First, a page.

Now, before I accidentally incite a PC/Mac war, let me be clear: I'm not necessarily putting my money on Apple as the leader of the New World Order (Microsoft will be a contender, along with the canonical trifecta of Amazon, Google, and Walmart). What I am saying is this: as much as we hear about eyestrain and the doom associated with backlit screens, this is not a dealbreaker for all of us, and further, I'm fairly certain the all-in-one package will soon beat out the dedicated device.
Imagine it: a Mac or PC tablet that integrates full-color books into the existing super-device that is the smartphone (Internet browsing, calling, texting, app...ing, you name it). My bet is that this model will be far more popular than a black-and-white device like the Kindle that only serves one purpose. Sure, Apple (or whoever becomes the Tablet King) will have to overcome obstacles like existing market/mindshare, infrastructure, DRM, &c, but they're a smart bunch. As a result, I don't think Amazon will be quite as monolithic in the e-book industry in five years as they are now.
That said, I'm still interested in the new e-ink models coming out this spring. Sure, you can't watch a video on them or use them to look up that obscure literary reference you just read, but some of them (such as the Skiff and the Que) look pretty sweet. I don't think they'll last in the long run, but I think they're a key part of the ongoing print-to-digital (r)evolution (analogous to Zip disks, laserdiscs, HD DVDs, and so on).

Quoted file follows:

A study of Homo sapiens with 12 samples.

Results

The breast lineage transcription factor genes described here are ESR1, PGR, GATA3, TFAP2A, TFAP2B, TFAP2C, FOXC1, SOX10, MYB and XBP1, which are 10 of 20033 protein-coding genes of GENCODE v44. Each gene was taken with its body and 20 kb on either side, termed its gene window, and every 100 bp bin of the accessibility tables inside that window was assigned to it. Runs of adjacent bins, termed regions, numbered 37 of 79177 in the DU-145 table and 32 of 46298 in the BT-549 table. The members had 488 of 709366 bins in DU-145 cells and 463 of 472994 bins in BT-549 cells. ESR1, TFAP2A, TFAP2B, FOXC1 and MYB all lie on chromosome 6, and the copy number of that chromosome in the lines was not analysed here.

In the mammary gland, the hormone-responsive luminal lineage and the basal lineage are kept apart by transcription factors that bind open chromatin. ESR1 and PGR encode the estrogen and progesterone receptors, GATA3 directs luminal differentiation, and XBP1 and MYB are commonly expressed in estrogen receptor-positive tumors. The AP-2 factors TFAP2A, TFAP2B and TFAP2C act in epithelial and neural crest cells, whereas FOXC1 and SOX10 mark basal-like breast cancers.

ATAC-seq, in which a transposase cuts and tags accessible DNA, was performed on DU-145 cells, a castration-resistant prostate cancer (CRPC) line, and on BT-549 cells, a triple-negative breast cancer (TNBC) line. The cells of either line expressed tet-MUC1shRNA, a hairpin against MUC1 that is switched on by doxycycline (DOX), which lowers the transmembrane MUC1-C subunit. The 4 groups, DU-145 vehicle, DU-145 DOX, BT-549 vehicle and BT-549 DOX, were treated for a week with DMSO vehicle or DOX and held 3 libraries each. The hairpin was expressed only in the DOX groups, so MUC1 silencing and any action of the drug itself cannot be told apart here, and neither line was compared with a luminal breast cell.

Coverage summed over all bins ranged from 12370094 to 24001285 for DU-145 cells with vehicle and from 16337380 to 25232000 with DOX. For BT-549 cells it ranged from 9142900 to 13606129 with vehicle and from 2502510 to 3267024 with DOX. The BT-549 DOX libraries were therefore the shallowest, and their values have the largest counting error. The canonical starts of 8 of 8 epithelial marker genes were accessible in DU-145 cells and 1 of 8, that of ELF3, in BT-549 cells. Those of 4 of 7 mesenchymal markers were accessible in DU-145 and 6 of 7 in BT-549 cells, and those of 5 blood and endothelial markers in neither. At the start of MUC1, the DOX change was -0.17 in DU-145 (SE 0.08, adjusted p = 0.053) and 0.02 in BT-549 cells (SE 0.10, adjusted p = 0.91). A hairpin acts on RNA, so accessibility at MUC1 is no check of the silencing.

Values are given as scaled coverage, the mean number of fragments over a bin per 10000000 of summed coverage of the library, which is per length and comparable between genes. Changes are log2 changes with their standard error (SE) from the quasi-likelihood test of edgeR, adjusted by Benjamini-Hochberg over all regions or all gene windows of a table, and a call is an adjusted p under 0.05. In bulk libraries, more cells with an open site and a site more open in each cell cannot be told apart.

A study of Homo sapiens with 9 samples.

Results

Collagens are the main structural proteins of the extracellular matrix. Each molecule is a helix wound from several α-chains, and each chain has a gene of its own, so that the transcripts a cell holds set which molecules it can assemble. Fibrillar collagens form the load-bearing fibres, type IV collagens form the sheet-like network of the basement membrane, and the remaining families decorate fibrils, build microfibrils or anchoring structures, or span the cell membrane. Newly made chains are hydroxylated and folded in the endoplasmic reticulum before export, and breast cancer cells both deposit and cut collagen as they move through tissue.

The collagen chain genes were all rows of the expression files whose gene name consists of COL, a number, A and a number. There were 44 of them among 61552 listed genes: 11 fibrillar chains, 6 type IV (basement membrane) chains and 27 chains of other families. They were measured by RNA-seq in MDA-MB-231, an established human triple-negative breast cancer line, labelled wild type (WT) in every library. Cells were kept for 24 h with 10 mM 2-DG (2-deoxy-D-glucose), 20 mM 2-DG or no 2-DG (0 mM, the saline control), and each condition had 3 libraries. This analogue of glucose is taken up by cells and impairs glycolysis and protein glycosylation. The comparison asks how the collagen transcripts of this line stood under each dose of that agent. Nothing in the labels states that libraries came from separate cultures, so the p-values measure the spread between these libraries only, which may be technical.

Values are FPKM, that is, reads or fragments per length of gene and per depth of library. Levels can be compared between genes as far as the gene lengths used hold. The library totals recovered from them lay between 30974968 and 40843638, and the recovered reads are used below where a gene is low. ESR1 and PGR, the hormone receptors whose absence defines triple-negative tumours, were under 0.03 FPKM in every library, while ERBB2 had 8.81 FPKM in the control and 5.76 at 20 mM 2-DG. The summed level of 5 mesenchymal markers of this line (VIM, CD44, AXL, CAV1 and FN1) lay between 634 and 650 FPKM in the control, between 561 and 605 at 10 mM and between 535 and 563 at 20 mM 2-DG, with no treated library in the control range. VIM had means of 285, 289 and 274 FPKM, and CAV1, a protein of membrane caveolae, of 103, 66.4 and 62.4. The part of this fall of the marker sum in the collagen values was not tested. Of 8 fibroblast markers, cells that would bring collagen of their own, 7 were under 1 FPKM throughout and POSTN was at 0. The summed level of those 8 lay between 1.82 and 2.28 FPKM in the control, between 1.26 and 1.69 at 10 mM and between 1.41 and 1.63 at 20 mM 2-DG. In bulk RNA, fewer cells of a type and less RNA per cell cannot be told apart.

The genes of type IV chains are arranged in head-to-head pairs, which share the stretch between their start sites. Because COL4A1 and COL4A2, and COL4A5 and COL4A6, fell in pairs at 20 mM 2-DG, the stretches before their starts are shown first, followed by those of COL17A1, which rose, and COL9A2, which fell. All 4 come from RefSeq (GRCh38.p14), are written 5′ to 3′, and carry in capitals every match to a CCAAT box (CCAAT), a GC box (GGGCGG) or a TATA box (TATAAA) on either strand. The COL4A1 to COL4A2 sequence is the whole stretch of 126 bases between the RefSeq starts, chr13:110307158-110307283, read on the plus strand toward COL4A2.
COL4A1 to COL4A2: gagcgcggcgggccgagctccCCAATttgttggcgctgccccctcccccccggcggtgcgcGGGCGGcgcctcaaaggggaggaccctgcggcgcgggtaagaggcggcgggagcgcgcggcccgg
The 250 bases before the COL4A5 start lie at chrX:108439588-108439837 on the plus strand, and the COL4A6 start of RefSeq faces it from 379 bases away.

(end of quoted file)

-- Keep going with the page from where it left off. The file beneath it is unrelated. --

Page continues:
Basically, it comes down to this: I think the Kindle and other dedicated e-readers are necessary to the future of publishing, but they are not going to be carrying the torch for very long; e-books will outlive these types of e-readers by a significant margin.
Next up: dozens of angry commenters who got or gave Kindles for Christmas thronging the comments section! Details at 11:00!